Author: Dr Ranjeet Singh
The monumental works of Charaka, Sushruta, Vagbhata, Sharangdhara, Dhanvantari and few others from the strong foundation of Ayurveda, which has evidently been taken advantage of by the industrious Western world in developing the Allopathic system of medicine.
The Western scholars like Wilson, Weber, Max Mueller, Hunter, Johnson and Smithcors have acknowledged the antiquities of Ayurvedic system of medicine. Hunter has even gone to the extent of estabilishing conclusively that the Arabic system of medicine was founded on the basis of translations from Sanskrit in the 8th century (A.D.) and that the European physicians followed the Arabic system till the 17th Century. There is evidence to show that from 8th to 15th century, medical publications in Europe cited quotations from Charaka. It is claimed that the Greek physician Hippocrates (460-377B.C.) was also much indebted to Ayurveda.
Ashtangika (8-Winged) Ayurveda is exhaustive and encompasses almost all the branches, e.g. Medicine (kayachikitsa), Surgery (shalya chikitsa), Hygiene (swasthavtrita), Gynaecology and Obstetrics (Stri and prasuti tantra), Toxicology (agada tantra), Pediatrics ( Kaumarbhritya), Diseases of head and Neck (shalakya tantra) and Diagnosis (nidana shastra). Classical treatises on Medicine by Charaka, Dhanvantari, Sharangadhara, Bhavprakash contain unique and effective combinations of several drugs of vegetable (herbal) origin (Kasth aushadhi) as well as of inorganic origin (Rasa- aushadhi). Shaligram nighantu (material media) codified valuable information on Indian herbs along with their indications.
Sushruta’s treatise on surgery dwells upon the principles and practice of surgery that existed in the ancient past giving adequate illustrations of instruments used in surgical operations. Some of the techniques used then are still known as Indian surgery in Allopathy.
Rudolph Virchow has said that “between animal and human medicine there is no dividing line, nor should there be”. Ample evidence exits to show that the Indian system of veterinary medicine (veterinary Ayurveda) is older than that of other ancient civilizations of Egypt and Greece and that the Vedic and ancient people of India worshipping cow as mother and treating horses and elephants as sacred, did not lag behind in taking care of them and developing a system of medicine for their ailments.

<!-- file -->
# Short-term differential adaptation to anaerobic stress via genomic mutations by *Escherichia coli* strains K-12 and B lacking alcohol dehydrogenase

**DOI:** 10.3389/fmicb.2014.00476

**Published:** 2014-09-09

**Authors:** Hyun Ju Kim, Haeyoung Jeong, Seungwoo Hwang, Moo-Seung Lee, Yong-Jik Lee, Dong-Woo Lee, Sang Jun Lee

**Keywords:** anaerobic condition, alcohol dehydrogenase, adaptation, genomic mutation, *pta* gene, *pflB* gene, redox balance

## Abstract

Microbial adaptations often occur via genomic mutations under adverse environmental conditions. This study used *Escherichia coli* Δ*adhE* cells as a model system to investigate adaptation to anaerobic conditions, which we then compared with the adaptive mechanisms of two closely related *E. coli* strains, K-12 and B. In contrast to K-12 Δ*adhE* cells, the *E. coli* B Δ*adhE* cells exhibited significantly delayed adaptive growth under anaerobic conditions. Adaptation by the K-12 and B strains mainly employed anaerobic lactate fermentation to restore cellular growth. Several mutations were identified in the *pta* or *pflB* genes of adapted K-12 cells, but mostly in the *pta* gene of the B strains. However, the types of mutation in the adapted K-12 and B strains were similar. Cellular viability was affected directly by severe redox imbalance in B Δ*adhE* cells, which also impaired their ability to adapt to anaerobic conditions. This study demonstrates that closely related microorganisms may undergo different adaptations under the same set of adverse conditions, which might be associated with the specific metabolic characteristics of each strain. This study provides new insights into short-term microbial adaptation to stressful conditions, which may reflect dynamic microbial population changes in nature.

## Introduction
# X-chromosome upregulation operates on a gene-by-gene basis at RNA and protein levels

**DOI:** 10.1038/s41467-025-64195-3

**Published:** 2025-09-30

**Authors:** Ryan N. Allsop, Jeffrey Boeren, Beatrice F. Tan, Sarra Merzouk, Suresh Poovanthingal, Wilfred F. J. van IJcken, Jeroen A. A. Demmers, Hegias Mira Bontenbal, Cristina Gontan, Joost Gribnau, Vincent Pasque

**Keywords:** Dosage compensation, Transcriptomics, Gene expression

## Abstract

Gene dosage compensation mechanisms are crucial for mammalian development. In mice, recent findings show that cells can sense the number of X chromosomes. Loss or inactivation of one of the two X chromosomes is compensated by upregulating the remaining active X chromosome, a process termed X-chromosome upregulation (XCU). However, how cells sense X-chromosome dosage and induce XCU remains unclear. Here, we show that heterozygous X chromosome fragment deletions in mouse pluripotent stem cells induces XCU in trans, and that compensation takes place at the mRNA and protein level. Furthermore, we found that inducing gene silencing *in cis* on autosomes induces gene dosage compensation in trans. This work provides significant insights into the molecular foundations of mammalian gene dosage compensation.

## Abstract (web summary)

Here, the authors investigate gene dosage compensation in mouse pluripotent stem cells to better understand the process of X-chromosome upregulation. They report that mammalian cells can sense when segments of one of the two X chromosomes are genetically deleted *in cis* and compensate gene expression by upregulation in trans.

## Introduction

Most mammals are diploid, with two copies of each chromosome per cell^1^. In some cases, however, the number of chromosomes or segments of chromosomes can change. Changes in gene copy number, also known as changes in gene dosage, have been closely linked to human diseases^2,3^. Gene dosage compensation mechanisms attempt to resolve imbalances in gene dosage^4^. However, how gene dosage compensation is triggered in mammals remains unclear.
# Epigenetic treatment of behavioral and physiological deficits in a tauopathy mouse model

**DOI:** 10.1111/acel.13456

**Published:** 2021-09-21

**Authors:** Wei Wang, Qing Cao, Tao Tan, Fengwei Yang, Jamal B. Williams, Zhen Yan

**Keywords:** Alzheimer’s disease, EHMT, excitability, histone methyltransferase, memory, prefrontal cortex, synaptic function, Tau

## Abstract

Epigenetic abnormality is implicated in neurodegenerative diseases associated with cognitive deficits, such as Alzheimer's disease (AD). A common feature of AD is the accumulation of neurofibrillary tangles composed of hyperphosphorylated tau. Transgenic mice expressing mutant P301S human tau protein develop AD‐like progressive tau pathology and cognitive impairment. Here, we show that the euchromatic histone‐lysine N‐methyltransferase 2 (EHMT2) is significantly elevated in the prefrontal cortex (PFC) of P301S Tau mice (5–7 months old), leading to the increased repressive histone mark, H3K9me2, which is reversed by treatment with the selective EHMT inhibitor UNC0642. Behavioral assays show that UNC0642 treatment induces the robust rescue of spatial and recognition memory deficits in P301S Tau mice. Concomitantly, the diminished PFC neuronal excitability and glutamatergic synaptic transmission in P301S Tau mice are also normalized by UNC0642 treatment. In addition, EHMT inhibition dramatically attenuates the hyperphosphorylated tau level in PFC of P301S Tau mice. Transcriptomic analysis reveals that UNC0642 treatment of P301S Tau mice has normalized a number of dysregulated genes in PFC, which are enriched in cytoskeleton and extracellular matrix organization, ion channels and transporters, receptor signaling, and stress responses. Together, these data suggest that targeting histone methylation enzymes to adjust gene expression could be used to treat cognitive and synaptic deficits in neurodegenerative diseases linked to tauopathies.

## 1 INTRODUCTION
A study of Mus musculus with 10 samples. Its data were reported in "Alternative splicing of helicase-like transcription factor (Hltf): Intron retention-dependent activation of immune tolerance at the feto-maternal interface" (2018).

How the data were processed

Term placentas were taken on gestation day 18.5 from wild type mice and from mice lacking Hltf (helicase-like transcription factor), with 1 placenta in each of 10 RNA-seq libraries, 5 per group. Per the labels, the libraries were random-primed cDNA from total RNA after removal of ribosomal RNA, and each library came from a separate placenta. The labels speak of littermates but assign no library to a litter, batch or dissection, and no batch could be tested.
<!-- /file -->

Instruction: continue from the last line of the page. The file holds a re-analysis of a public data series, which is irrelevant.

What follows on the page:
In the Rigveda, there is mention of prayers have been offered to Ashwani Kumar to remove sterility and to increase milk production of cows. During Mahabharata period, Nakul and Sahadev respectively known for their specialised ability to treat horses and cattle. Chapters dealing with animal husbandry like management and feeding appear in ancient books like skanda Skandapurana, Devipurana, Haritha and others. Palkapya (1000 B.C.) and Shalihotra (2350 B.C.) were famous veterinarians specialising in the treatment of elephants and horses, both in peace and war since times immemorial.
From Vedic period to the advent of Mughals, ample classic literature exists dealing with Veterinary medicine during the Puranic period notibaly, Mastyapurana, Brahmandpurana, Lingapurana purana, Agnipurana and Gurudapurana furnishing several prescriptions for treatment of animal diseases with easily available medicinal herbs numbering about 2000, which were easily administered in powder form or as decoction. Some of these were used for promoting health and increasing milk production. Arsenic and Mercury are still being used for tonic of hair and skin and have been taken in Allopathic Pharmacopeia.
As late as the Ashoka (250 B.C.) and Harshavardhana’s period (750 A.D.) there existed a chain of human and veterinary hospitals in India. In the famous universities of Takshila and Nalanda foreign students used to come to study both Medical and Veterinary Ayurveda. Undisputed evidence is available pertaining to firing, blistering, cautery, bloodletting, castration, fractures , dislocation etc. in support of practice of surgery in ancient India.